In New York, not every crime requires criminal intent. Sometimes, people act so carelessly that their actions can be considered criminal, even when they never intended to cause harm. This is one characteristic of the reckless endangerment laws that govern behaviour in the Bronx and throughout New York State.
A Deeper Look at the Reckless Endangerment Laws of New York
There are two distinctions under the reckless endangerment laws in the state of New York, which carry separate sentencing guidelines. The distinction is based on the defendant’s actions and the severity of the risk of harm.
Reckless endangerment in the second degree occurs when an individual engages in any activity that creates “a substantial risk of serious harm” to others. The law doesn’t require that harm is resulted, but only that the risk is possible. Endangering the safety of another is all that’s required to establish a case for second degree reckless endangerment.
As a class A misdemeanor, New York courts can subject a convicted defendant to up to one year in jail. They also have the option of sentencing the individual to three years of probation, instead. The difference may depend on the judge and on the specific circumstances of the case. There’s also a monetary fine that may be imposed. According to the state’s penal code, the court has the choice of imposing a fine of up to $1,000 or they may request a fine that’s as much as double the gain the defendant received in connection to the criminal activity.
First degree reckless endangerment is far more serious in that it requires the defendant exhibiting a “depraved indifference” to human life. In the eyes of the law, the phrase “depraved indifference” refers to a moral state of being in which the individual holds so little value for human life that it’s considered the same as acting with criminal intent. Acting with so much disregard, the perpetrator then commits acts so reckless that he or she puts the lives and safety of others in grave risk of death.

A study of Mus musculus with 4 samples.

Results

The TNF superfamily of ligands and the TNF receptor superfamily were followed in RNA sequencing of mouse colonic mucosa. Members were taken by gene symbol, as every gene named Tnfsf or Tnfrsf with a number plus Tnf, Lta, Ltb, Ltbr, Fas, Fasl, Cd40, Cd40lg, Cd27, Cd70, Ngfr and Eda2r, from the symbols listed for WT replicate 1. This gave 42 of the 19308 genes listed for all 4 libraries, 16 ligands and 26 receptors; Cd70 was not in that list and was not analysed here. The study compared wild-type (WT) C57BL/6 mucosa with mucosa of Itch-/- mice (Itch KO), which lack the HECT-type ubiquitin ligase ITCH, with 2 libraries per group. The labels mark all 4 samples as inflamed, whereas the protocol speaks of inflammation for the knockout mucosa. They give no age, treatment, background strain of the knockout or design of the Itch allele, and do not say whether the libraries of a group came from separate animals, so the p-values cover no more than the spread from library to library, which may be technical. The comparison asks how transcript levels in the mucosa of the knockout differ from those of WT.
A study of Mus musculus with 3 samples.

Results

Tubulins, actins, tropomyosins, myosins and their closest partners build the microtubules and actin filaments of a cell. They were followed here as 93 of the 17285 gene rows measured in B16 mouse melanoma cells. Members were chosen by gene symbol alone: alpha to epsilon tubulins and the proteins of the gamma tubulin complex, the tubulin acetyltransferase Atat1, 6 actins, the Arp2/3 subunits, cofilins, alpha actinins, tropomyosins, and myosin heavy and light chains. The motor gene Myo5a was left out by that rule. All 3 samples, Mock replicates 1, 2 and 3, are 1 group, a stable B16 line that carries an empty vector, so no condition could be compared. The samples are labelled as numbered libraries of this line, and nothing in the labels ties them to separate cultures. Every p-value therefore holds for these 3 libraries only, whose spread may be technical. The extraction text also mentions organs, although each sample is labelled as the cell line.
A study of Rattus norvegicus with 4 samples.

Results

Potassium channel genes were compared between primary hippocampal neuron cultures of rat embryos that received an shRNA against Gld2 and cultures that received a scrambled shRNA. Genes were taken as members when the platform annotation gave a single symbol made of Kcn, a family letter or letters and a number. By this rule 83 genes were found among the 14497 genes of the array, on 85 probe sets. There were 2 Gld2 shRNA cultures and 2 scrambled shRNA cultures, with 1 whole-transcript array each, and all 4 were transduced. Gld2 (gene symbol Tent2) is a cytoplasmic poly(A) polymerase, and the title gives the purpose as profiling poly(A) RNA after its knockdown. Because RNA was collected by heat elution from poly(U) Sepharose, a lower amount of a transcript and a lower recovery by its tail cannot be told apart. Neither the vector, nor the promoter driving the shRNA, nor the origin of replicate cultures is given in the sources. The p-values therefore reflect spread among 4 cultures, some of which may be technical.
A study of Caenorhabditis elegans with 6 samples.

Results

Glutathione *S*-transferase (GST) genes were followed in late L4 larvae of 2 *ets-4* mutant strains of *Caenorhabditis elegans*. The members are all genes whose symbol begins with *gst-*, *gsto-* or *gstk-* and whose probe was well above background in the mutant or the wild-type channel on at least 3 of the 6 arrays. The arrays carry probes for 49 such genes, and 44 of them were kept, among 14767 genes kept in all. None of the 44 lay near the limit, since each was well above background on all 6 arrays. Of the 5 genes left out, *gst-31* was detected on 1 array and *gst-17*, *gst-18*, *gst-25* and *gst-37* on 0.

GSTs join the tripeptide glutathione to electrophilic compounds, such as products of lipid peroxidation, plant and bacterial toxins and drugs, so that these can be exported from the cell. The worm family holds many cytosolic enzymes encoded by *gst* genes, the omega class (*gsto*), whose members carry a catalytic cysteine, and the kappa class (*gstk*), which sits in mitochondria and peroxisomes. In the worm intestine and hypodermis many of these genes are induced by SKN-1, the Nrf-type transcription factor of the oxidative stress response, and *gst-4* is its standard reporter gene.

Reckless endangerment in the first degree is categorized as a class D felony. In light of the extreme negligence that this crime implies, it’s easy to see why the state classifies this crime as a felony and why the associated punishment is much more severe. In New York, class D felonies are further divided into violent and non-violent classifications. That distinction may have more to do with the way the conviction appears on the defendant’s record, however, as the penalty is consistent for both classifications. Both a violent and a non-violent class D felony may be punishable by up to seven years of imprisonment.
Not Guilty by Reason of Factual Impossibility
Typically, this is the primary defense against a reckless endangerment charge, whether it’s a felony or a misdemeanor. A factual impossibility is a detail of the event that can not have existed in a manner relevant to establishing the criminal activity. This means one element of the crime is missing; either the depraved indifference or serious risk of harm is absent.
For instance, a defendant fires a gun into a room he believes to be populated, but, is in fact, vacant. Even though he intended to harm the people in the room, exhibiting depraved indifference, the fact that the room is empty takes away the significant risk of serious harm or the grave risk of death.
Even the Court of Appeals, otherwise known as the court of last resort in the state of New York, has established that factual impossibility is a legitimate defense to reckless endangerment. This is because the level of risk is necessary in establishing the charge of reckless endangerment.
If you are facing reckless endangerment charges, it’s important to speak with an attorney as soon as possible. The earlier you can bring your advocate in on the case, the better the chance that he or she can arrange a deal or a compelling defense. An initial consultation will help your lawyer look at the details of your case and determine the best courses of action. Together, you and your lawyer may be able to achieve an acquittal or get the charges dismissed. Even if those options fail, an experienced reckless endangerment attorney may be able to get you a reduced sentence.